So often something unexpected happens that bring focus to one’s life. In our rushed world most of us do not have time to think about nature, let alone spend enough time enjoying its wonders.

For years now the swallows have been travelling south during the European winter. Some of them tried to build their nest under the balcony of our house at Riverside. This was much to the annoyance of Jane and myself. They do make a mess when they start nesting. Somehow we found a way to deter them in a peaceful manner. They chose the neighbouring house as their nesting venue instead.

For many years now they have returned year after year to their nest high under the thatch patio. They would build and modify and later you would hear the squeals as the little ones were fed by their parents. Later in the afternoon and early evening the sky would be teeming with swallows, swooping around as they hunt little insects. How they miss one another as they scream around only they would know.

Yesterday disaster struck for our swallow friends. Workers at the house next door turned their high powered waterjets on the nests and they were gone in a minute.

The Juvenile Goshawk

Later we found a little chick, too small to fly or fend for itself, next to our house. We placed him in an empty ice-cream bucket, with paper towels around him. He seemed reasonably strong. We knew we had to get him to someone with the knowledge to care for him. With the Juvenile Goshawk around, who have been feasting on crabs and small birds around our house, Swalley would not have survived the night.

We contacted the Spuithoek Crime Watch group and they advised us to contact a lady near Albertinia, some 40 kms away, who take in injured or abandoned animals and birds, rehabilitate them and then letting them go free again.

We knew that Nita Wessels would be the right person to care of Swalley. It was too far for her to collect him. She suggested we contact the Stilbaai Vet who would have some arrangements for transport towards Albertinia and take Swalley to her.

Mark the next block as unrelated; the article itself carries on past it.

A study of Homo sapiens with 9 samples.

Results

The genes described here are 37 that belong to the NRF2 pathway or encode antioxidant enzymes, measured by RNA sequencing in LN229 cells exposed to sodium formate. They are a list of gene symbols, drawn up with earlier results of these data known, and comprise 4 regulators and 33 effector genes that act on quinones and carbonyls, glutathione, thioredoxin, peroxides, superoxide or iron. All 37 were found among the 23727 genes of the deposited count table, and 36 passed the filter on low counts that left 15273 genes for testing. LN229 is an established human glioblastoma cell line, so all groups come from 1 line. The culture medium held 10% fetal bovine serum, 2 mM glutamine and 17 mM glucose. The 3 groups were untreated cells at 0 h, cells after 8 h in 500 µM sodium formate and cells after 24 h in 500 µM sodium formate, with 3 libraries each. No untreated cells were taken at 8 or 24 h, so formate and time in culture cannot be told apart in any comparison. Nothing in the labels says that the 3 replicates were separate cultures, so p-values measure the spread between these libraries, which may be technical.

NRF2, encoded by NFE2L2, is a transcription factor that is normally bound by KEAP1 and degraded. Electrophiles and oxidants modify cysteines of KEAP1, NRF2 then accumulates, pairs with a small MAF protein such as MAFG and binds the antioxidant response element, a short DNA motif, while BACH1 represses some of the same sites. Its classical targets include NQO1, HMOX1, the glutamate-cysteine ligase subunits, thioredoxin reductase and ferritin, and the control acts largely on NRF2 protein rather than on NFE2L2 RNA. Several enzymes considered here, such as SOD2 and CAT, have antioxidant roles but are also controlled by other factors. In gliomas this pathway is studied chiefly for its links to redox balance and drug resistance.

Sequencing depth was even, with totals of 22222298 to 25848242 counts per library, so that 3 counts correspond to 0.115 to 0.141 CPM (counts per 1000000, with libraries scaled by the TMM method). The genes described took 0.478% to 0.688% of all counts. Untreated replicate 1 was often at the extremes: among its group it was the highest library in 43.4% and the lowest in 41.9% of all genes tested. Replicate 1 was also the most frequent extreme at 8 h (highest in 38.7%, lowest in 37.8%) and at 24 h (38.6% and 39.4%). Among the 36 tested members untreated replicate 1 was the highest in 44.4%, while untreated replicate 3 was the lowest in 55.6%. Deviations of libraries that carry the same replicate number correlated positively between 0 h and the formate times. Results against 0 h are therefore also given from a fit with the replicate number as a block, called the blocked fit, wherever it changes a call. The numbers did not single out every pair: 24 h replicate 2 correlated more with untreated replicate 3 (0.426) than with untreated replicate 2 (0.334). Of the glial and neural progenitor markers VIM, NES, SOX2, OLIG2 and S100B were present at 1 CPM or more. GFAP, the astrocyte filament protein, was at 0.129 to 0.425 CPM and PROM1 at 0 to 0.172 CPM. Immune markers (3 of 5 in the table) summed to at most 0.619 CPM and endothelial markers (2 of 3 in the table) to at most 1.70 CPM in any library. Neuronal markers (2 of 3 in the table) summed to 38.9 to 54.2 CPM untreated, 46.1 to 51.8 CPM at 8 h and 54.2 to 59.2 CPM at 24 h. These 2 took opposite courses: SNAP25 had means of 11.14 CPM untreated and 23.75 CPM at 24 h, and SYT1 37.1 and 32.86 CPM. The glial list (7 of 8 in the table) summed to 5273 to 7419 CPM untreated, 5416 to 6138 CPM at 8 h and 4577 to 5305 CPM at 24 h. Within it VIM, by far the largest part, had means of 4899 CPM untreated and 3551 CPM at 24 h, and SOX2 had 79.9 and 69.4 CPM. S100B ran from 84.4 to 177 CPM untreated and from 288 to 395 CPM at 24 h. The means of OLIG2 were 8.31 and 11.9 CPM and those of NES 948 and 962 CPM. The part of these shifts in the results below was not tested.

Swalley slept with us in his makeshift nest overnight

So, we kept Swalley warm for the night – even putting a few small snippets of meat in his little ‘nest’ in the hope that he would try them.

Swalley is what they call an ordinary Swallow

This morning he was chipper and cheerful and we dropped him off at the vet. He would be in rehab later today – after getting his first meal at the vet.

Nita Wessels currently has, amongst other animals and birds, an injured owl and a duiker, a small antelope, in her own private little animal shelter. She does not allow visitors but promised she would keep us updated on Swalley’s progress. That to us is what it is really about. She does not look after animals and birds to make money out of it. It is because she really cares.

Somehow we are cross with those workers who destroyed the nest. Yes, nesting swallows are a nuisance. But could they not have waited till after the breeding season when the small ones had left the nest. In mid-summer, destroying their nest was cruel.

I suppose Jane and Fredo also cared in the same way as Nita Wessels, a person we have never met, when we found Swalley. We could just not abandon him and it makes us feel good to have done what we did.

It is the small things that often are the most rewarding.